Valvular Heart Disease in a Young Israeli Ethiopian Immigrant Population From the Gondar Region With Implications for Rheumatic Heart Disease
Web of Science
AuthorFink, DL; Chaiter, Y; Menahem, S; Farkash, R; Machluf, Y
Source TitleFrontiers in Public Health
PublisherFRONTIERS MEDIA SA
University of Melbourne Author/sMenahem, Samuel
Document TypeJournal Article
CitationsFink, D. L., Chaiter, Y., Menahem, S., Farkash, R. & Machluf, Y. (2018). Valvular Heart Disease in a Young Israeli Ethiopian Immigrant Population From the Gondar Region With Implications for Rheumatic Heart Disease. FRONTIERS IN PUBLIC HEALTH, 6, https://doi.org/10.3389/fpubh.2018.00130.
Access StatusOpen Access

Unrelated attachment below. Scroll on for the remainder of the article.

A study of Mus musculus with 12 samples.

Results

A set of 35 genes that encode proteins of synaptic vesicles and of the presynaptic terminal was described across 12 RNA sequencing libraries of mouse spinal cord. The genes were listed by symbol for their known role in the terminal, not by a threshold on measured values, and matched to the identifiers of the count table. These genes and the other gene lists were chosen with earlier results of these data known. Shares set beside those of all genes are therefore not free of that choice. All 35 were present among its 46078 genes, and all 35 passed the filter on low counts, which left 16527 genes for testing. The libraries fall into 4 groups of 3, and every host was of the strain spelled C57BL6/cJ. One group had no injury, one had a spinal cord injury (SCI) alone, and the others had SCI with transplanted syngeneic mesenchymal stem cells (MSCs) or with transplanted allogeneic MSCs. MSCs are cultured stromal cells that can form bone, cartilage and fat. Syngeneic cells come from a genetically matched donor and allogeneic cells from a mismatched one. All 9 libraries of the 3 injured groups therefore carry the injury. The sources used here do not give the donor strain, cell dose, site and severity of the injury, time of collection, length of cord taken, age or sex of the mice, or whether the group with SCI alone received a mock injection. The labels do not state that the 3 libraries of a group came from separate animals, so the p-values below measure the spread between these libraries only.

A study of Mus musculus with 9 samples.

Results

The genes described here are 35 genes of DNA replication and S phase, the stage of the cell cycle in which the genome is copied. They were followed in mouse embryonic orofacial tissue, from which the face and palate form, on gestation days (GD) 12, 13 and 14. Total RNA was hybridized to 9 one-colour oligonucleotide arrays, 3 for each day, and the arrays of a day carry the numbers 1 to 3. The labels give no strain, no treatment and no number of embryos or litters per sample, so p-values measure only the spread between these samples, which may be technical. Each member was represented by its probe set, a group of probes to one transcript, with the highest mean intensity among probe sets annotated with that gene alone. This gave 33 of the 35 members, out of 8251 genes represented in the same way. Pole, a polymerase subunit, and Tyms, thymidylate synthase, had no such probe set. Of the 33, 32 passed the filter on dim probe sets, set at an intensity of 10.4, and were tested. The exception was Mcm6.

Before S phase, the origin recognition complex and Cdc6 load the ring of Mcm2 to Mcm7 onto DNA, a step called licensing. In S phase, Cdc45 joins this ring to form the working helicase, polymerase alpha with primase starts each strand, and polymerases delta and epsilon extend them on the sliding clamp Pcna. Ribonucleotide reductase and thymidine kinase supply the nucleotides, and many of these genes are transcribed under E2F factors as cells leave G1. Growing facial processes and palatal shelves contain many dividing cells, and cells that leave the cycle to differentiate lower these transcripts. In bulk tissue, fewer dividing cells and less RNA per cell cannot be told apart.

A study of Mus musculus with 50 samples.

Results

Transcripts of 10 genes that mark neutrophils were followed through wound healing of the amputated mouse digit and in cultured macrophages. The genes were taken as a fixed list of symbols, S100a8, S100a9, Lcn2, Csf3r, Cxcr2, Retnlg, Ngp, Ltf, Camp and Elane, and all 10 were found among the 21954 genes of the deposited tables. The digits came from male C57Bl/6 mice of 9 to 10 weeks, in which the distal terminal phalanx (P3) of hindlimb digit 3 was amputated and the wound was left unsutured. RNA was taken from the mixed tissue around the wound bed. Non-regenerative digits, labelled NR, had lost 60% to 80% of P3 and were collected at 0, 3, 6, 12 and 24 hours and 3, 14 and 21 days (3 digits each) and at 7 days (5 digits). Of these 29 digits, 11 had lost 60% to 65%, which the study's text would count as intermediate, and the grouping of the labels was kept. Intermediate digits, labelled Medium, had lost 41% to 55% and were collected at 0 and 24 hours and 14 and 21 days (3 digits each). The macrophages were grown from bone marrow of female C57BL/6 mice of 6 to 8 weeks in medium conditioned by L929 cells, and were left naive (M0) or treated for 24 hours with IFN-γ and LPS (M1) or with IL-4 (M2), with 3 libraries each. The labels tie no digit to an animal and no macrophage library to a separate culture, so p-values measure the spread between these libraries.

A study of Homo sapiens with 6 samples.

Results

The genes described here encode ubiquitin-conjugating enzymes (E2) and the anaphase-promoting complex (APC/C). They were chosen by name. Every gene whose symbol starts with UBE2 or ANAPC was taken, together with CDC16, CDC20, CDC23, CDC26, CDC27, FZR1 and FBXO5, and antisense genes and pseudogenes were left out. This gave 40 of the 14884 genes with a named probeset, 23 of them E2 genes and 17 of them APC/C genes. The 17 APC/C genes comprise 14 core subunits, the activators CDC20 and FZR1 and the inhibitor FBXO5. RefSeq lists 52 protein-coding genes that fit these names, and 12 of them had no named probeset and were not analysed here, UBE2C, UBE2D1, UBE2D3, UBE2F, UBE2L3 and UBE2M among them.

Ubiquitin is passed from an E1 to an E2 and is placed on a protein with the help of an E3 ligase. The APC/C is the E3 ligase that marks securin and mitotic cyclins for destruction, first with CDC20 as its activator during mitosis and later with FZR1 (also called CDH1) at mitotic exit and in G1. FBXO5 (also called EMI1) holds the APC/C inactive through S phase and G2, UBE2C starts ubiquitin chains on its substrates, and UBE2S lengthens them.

Background: Rheumatic heart disease (RHD) among Ethiopian school children was recently found to be 1.4%. Immigration of the Jewish population from the Gondar region to Israel created an opportunity for further enquiry. Methods: A cross-sectional study of the cardiac status of 113,671 adolescent recruits aged 16-19 years from the northern district of Israel who completed the medical profiling process over a 22-year period. Results: 140 recruits had a history of rheumatic fever (0.12%), although none from an Ethiopian origin (n = 1,719). The prevalence of valvular heart disease clinically and confirmed echocardiographically in Ethiopian recruits was not different from the total population (0.81 and 0.93%, respectively). However, the prevalence was higher in those migrating to Israel in their 13th year or older (2.09%), compared to those migrating at a younger age or born in Israel (0.49%). Conclusion: The Ethiopian teenage Israeli population from Gondar had a high rate of auscultation positive and echocardiographically confirmed valvular disease that suggested a high rate of RHD (~1.6%), despite no relevant past history. Our findings also suggested that for the younger Ethiopian immigrants or Israeli born subjects of Ethiopian origin, the improved medical care may well reduce the prevalence of valvular heart disease to that of the rest of the local population.